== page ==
Illinois Speaks is our new community-driven, small-group conversation program. We’ve started having some events from our first cohort and we’ve been excited to see what a variety of groups are doing. Here’s a brief look at three of our first Illinois Speaks events. If you’re interested in hosting a conversation in your community, let us know!
On Tuesday, June 14, the Japanese American Citizens League hosted the first Illinois Speaks dialogue supported with an Illinois Humanities micro-grant. Held at the Christ Church of Chicago, the discussion featured a free screening of The Manzanar Fishing Club and a Q&A with director Cory Shiozaki. Expecting some 30-50 attendees, the organizers were surprised when 135 people showed up.
The goal was to educate attendees on the incarceration of Japanese Americans during WWII and through discussion to connect these stories to current issues. The film focuses on the historical backdrop on Japanese American incarceration during WWII, but also tells the story of men and women who would sneak out of the Manzanar concentration camp to go fishing and then return to the barbed wire enclosure. Shiozaki, a third-generation American and licensed fishing guide and docent at the Manzanar National Historic Site, said that growing up his parents never really liked to talk about their experience in the camps, because it was a difficult experience to share.
During the discussion, several former internees shared about their experiences and how important it was to them that this story is being told. Cory asked for former internees to stand and be acknowledged; there were a half dozen former internees there. Attendees commented on how this film relates to current issues of discrimination and oppression including anti-Muslim, anti-immigrant rhetoric.
On Wed. June 22nd, Edgar Miller Legacy held the second Illinois Speaks public conversation supported by an Illinois Humanities micro-grant, on the topic of “Risk Dialogues” for artists and educators. Held at the awe-inspiring Edgar Miller ‘handmade home,’ the event included 12 total participants. It aimed to pose several key ‘guiding’ questions:
Think of a time when you and/or your organization took its biggest risk. What was the story behind that moment? What was gained or lost in the process?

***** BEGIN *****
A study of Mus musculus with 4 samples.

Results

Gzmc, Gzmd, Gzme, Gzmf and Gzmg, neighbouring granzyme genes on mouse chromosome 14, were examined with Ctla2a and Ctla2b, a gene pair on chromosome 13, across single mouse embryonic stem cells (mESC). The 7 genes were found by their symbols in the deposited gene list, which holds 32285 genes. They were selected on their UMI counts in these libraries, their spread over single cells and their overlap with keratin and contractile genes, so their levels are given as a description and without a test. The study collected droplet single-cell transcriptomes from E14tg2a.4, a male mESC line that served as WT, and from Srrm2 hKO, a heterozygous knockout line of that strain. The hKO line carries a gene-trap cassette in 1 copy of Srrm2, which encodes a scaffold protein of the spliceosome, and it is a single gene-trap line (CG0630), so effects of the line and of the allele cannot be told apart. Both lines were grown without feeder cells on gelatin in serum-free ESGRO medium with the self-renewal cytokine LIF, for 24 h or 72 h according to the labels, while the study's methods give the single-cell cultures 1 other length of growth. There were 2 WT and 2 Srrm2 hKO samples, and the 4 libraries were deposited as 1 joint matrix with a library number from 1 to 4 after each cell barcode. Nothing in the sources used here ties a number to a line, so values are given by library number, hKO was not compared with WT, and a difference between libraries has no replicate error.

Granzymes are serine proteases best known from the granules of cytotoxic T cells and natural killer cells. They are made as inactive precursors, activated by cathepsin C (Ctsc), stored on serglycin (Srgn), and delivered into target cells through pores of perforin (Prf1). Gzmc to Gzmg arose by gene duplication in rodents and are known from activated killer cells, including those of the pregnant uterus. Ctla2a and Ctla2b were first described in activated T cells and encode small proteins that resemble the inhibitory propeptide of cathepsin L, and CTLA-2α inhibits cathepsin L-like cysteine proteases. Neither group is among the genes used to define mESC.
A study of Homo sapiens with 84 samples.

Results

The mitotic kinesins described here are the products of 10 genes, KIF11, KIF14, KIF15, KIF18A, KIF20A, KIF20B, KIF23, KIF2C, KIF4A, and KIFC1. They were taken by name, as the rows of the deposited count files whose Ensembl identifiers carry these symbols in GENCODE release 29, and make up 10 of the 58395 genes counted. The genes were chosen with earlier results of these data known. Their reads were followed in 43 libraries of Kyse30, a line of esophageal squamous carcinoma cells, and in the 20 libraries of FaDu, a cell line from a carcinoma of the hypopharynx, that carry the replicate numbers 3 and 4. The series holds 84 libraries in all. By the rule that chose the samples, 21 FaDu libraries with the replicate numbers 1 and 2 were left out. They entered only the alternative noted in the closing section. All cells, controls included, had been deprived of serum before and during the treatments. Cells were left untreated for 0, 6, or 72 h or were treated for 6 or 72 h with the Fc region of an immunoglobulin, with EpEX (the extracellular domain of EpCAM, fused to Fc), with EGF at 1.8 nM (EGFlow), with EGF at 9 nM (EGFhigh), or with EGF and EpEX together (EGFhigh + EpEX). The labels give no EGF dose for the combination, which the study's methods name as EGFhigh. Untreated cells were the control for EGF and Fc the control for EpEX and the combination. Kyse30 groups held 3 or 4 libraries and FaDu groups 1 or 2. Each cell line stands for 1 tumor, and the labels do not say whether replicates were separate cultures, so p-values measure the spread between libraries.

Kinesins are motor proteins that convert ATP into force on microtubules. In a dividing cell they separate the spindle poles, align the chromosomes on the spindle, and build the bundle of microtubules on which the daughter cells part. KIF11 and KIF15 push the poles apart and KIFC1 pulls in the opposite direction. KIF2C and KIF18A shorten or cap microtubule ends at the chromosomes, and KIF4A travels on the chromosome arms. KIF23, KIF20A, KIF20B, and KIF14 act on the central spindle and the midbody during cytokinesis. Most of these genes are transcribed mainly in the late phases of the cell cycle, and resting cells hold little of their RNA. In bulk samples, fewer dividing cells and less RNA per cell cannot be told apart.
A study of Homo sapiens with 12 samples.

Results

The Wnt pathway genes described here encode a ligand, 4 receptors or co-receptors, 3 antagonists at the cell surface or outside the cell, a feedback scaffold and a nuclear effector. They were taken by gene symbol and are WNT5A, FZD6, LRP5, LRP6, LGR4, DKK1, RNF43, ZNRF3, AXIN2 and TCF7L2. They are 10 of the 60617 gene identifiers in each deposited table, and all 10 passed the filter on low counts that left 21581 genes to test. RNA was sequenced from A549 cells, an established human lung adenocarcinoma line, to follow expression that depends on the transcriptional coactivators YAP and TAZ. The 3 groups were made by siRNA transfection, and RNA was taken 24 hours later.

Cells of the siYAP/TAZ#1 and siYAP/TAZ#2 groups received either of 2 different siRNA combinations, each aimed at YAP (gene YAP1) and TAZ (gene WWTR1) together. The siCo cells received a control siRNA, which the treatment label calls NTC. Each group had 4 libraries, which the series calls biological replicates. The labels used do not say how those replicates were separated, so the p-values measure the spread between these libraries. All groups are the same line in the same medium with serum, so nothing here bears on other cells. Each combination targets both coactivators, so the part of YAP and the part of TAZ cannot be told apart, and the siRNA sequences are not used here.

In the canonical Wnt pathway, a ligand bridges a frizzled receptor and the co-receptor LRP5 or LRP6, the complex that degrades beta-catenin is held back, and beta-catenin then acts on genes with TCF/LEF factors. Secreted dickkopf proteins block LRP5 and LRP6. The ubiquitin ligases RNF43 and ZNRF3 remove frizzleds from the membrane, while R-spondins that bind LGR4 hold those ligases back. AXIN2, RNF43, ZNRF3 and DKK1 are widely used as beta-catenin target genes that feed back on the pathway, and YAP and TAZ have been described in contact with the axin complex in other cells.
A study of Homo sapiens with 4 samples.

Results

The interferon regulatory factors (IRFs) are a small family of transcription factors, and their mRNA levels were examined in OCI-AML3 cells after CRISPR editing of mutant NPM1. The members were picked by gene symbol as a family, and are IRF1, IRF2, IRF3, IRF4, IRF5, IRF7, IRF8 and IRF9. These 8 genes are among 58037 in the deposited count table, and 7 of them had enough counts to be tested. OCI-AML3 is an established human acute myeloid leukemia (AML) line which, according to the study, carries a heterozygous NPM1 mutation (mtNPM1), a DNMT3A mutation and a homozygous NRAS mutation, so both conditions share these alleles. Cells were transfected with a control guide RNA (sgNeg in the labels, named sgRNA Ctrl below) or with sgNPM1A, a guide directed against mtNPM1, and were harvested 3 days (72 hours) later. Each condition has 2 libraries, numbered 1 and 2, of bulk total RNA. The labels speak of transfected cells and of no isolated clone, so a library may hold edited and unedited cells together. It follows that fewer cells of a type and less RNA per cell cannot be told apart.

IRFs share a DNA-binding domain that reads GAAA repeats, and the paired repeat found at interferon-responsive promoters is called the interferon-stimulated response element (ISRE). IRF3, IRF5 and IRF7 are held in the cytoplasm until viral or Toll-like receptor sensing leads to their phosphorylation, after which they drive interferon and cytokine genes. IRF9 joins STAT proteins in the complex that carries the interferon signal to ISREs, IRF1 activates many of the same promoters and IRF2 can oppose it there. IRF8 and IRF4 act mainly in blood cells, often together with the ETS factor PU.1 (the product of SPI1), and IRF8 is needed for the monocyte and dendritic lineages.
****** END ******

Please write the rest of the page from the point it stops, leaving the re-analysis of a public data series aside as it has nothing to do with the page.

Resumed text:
What are the fears or blocks to taking big or small risks in our lives either as artists and/or educators? What keeps us from taking bolder steps?
What’s your next big risk? What are the conditions you need to take that next big risk in your own practice and/or in your role in your organization?
Some of the highlights included the following quotes:
- “Risk is about an unknown, better future state. Thought I was alone – realized there were many behind me, but I had to take those first steps, and they were scary. I didn’t sleep for six weeks.”
- “Someone has to take those first three steps, it’s like walking out on a plank. But you know you have to because there’s a group of children waiting for escape. Sense that you can’t not take the risk.”
- “Risk is measured by links to institutions. Once I was unleashed from the safety and comfort of the institution I was part of, I realized I was free to take greater risks. The institution says, “don’t take risks in our name” but alone, I was stronger.”
- “What’s the difference between confidence and arrogance when we step out on a limb with artistic risks? Am I too awkward? Too honest? Too political? That’s how vulnerability functions – when we are no longer ‘safe’ we can take the greatest risks, as there’s less to lose and everything to gain.”
At the end of the dialogue, participants were asked to pull the name of another member of the group with the challenge to follow up with that person in the next month to ‘check in’ on the role that risk was playing in their lives.
On August 3rd, the Greater Chicago Food Depository’s Associate Board hosted the third Illinois Speaks dialogue funded with an Illinois Humanities micro-grant. Held at Loyola University’s Law School, 25 E. Pearson, the event featured a screening of the film “Just Eat It,” on the topic of food waste and food rescue. The dialogue featured panelists Brendan Dailey (moderator), Raj Karmani (Zero Percent), Amy Laboy (Sr. Director of Programs of GCFD), and Lindsay Zimmerman (Cook County Health Foundation Associate Board).
The audience, numbering 44 people, included Food Depository staff, volunteers, supporters, member agencies, and Associate Board as well as Cook County Health Foundation Associate Board and guests, and staff and students from Loyola Law. Themes included:
- Reducing food waste in your own life
- Spreading the word
- Volunteering with local food rescue operations
- Supporting businesses with good food waste practices
- Engaging elected officials and local governments
- Becoming an entrepreneur
Kudos to GCFD for doing a great job! The dialogue was fast paced and offered everyone who wanted a chance to speak up. This was just the first of four Illinois Humanities-sponsored dialogues; we look forward to future ones being just as compelling.